First and foremost, I acknowledge that I am not well-versed in the realms of international or local football. My limitations may extend to following specific clubs, but due to my professional work, I’ve observed that football has been a source of great interest and passion for Saudis for decades.
When Saudi Arabia embarked on the path of planning and defining future goals through the Vision 2030 programs, the higher authorities, under the astute and dynamic leadership of Crown Prince and Prime Minister Mohammed bin Salman, the architect of the vision and reform, devised a unique mechanism to support the sports sector, particularly football, the most popular sport globally.
This was achieved through the Public Investment Fund (PIF), Saudi’s sovereign wealth fund, which allowed major football clubs significant autonomy to engage in international player transfers from both the East and West, with no direct state interference in the clubs’ affairs. This support propelled Saudi Arabia onto the global stage, making it a favored destination for renowned football players requiring substantial contracts and funds for their transfers.
In a short span, there have been notable transformations in the major clubs, the Saudi Professional League, and the establishment of an exclusive football league for Saudi women. This marks a significant achievement, previously unattainable in Saudi Arabia.
However, Western media, often uncertain about their stance on Saudi Arabia, tend to resort to baseless criticism of everything related to the country. They fail to appreciate the positive changes underway and occasionally resort to insulting or even obscene comments. It’s evident that their opinions are misguided and uninformed, as they lack knowledge about Saudi Arabia and seldom engage with the Kingdom’s Vision 2030 initiatives.
Prominent among these media outlets are Western newspapers known for their antagonistic view of Saudi Arabia, such as Britain’s The Guardian, America’s The Washington Post, and The New York Times. They frequently claim that the sports developments in Saudi Arabia are merely an attempt at “sportswashing.”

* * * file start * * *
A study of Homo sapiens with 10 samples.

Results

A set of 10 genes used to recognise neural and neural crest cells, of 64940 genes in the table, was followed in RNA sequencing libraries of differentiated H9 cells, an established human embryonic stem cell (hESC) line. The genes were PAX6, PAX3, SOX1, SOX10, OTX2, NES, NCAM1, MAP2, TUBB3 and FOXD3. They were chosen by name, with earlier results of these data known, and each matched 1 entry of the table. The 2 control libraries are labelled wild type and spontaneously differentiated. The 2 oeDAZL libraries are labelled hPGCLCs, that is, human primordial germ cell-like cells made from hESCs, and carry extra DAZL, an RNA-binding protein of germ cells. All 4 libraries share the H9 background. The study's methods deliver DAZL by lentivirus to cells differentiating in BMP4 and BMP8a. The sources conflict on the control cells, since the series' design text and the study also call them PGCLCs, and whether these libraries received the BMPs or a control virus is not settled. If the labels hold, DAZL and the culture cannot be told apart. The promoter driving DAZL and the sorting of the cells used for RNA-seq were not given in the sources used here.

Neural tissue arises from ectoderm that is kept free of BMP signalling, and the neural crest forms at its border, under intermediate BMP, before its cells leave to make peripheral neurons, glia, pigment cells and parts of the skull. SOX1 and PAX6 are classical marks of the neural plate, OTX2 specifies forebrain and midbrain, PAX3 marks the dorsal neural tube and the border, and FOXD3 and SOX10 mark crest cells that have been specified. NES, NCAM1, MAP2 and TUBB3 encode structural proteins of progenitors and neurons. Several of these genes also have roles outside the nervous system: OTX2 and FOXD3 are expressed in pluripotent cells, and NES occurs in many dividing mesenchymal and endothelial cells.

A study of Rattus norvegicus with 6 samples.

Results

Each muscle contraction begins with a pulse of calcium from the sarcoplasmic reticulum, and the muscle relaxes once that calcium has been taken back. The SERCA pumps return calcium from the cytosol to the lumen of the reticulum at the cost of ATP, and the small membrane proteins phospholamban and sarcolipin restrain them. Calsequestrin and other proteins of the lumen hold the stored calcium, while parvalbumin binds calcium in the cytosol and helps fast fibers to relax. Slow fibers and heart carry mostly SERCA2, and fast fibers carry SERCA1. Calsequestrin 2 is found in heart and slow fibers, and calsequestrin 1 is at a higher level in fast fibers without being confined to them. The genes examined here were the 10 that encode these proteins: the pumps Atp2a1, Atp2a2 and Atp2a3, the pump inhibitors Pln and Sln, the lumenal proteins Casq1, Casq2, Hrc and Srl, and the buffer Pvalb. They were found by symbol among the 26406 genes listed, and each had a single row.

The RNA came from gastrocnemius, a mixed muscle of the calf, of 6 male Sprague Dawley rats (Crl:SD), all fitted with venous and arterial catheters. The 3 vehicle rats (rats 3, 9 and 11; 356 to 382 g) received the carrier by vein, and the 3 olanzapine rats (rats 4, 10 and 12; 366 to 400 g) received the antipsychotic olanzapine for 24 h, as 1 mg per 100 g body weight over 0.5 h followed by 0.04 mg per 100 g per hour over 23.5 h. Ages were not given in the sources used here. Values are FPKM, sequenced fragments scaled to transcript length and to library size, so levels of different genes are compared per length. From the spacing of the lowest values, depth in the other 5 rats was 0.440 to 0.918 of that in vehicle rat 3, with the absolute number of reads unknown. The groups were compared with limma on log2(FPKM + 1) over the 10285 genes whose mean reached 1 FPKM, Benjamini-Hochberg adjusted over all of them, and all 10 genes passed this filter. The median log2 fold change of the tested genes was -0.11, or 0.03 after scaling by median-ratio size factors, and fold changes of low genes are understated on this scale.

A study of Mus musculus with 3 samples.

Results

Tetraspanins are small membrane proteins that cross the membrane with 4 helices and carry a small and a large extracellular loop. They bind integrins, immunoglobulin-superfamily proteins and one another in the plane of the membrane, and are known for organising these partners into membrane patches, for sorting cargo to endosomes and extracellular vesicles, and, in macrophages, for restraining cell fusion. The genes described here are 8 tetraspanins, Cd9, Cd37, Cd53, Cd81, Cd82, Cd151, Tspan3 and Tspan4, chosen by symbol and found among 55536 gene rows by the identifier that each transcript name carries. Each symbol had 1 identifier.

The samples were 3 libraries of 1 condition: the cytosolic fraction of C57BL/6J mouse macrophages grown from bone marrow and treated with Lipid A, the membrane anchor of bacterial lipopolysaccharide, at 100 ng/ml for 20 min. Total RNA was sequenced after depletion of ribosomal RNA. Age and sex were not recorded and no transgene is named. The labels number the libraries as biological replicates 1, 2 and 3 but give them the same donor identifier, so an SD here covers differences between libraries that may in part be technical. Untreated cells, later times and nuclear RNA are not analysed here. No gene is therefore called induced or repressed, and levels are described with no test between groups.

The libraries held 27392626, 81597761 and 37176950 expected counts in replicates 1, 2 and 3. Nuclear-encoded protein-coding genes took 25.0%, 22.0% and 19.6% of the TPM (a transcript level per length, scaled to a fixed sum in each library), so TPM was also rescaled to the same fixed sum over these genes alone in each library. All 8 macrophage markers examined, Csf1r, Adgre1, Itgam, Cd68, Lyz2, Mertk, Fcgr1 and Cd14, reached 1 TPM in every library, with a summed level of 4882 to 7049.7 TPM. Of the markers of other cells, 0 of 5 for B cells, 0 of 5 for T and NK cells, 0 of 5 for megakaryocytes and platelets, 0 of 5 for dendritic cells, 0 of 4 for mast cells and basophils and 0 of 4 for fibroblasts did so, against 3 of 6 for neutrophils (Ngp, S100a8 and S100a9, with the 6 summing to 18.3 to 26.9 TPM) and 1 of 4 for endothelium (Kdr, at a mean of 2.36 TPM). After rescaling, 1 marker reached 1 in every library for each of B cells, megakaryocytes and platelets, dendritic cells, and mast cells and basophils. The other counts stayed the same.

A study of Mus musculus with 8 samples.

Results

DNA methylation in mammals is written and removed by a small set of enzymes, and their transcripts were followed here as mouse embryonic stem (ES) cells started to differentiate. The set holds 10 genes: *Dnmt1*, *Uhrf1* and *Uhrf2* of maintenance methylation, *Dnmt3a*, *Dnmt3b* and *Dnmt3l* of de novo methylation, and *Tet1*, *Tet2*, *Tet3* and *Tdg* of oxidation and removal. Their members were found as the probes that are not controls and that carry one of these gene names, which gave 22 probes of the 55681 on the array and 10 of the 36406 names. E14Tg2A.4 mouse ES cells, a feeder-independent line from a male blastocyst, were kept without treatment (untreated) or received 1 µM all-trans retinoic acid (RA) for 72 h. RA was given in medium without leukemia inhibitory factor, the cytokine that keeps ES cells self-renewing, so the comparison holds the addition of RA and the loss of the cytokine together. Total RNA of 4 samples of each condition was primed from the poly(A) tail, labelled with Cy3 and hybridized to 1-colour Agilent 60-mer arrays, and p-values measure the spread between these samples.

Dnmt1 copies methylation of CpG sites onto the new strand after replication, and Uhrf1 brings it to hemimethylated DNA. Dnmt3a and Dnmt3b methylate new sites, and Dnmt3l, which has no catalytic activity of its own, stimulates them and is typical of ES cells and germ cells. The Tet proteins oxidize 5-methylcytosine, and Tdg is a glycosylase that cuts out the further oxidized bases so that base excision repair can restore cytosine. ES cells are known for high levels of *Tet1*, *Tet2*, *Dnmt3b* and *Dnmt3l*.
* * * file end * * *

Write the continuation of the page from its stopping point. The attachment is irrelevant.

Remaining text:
Do these allegations incite anger or concern in Saudi Arabia? No, they do not. The country has endured decades of unfounded abuse, while progress continued without paying heed to detractors.
It’s clear that these criticisms will persist until Saudi Arabia disregards its commitment to its people, land, and aspirations, embracing the narrative crafted by these newspapers, which are struggling to stay relevant and face a slow decline.
The ongoing transformations in Saudi leagues result from a comprehensive analysis of Saudi sports’ reality, garnering global attention from both the East and West. This is an undeniable truth, free from fabrication or flattery. Anyone tuning into international channels broadcasting Saudi league matches can confirm this reality.
While Saudi clubs have historically grappled with funding shortages, they now enter contracts worth millions of dollars through meticulous planning. The involvement of the Saudi PIF and its significant stake in popular football clubs has shifted the balance, ushering in swift, comprehensive changes to the sports landscape while upholding the autonomy of Saudi clubs and their independent operations.
Interestingly, the expansion of the player transfer market by Western clubs does not concern The Guardian or The New York Times. However, they seem uncomfortable with Saudi Arabia entering the scene with its substantial financial backing.
Why this bias? It’s simply due to these newspapers adhering to the opinions of their editorial and opinion writers. These individuals fail to recognize that Saudi sports’ resurgence is a small part of a larger modernization endeavor encompassing the economy, digital transformation, education, industry, agriculture, environment, and beyond.
Before these transformations began, significant strategic changes took place in women’s rights, empowerment, human rights, government department management, and judicial independence.
What is undeniable is that Saudi Arabia remains steadfast in pursuing ambitious programs and mega projects. Unfortunately, the Western press remains oblivious to these significant strides. It’s high time these media outlets undergo urgent transformations, replacing their lenses, which by today’s standards could be diagnosed as “artificial stupidity.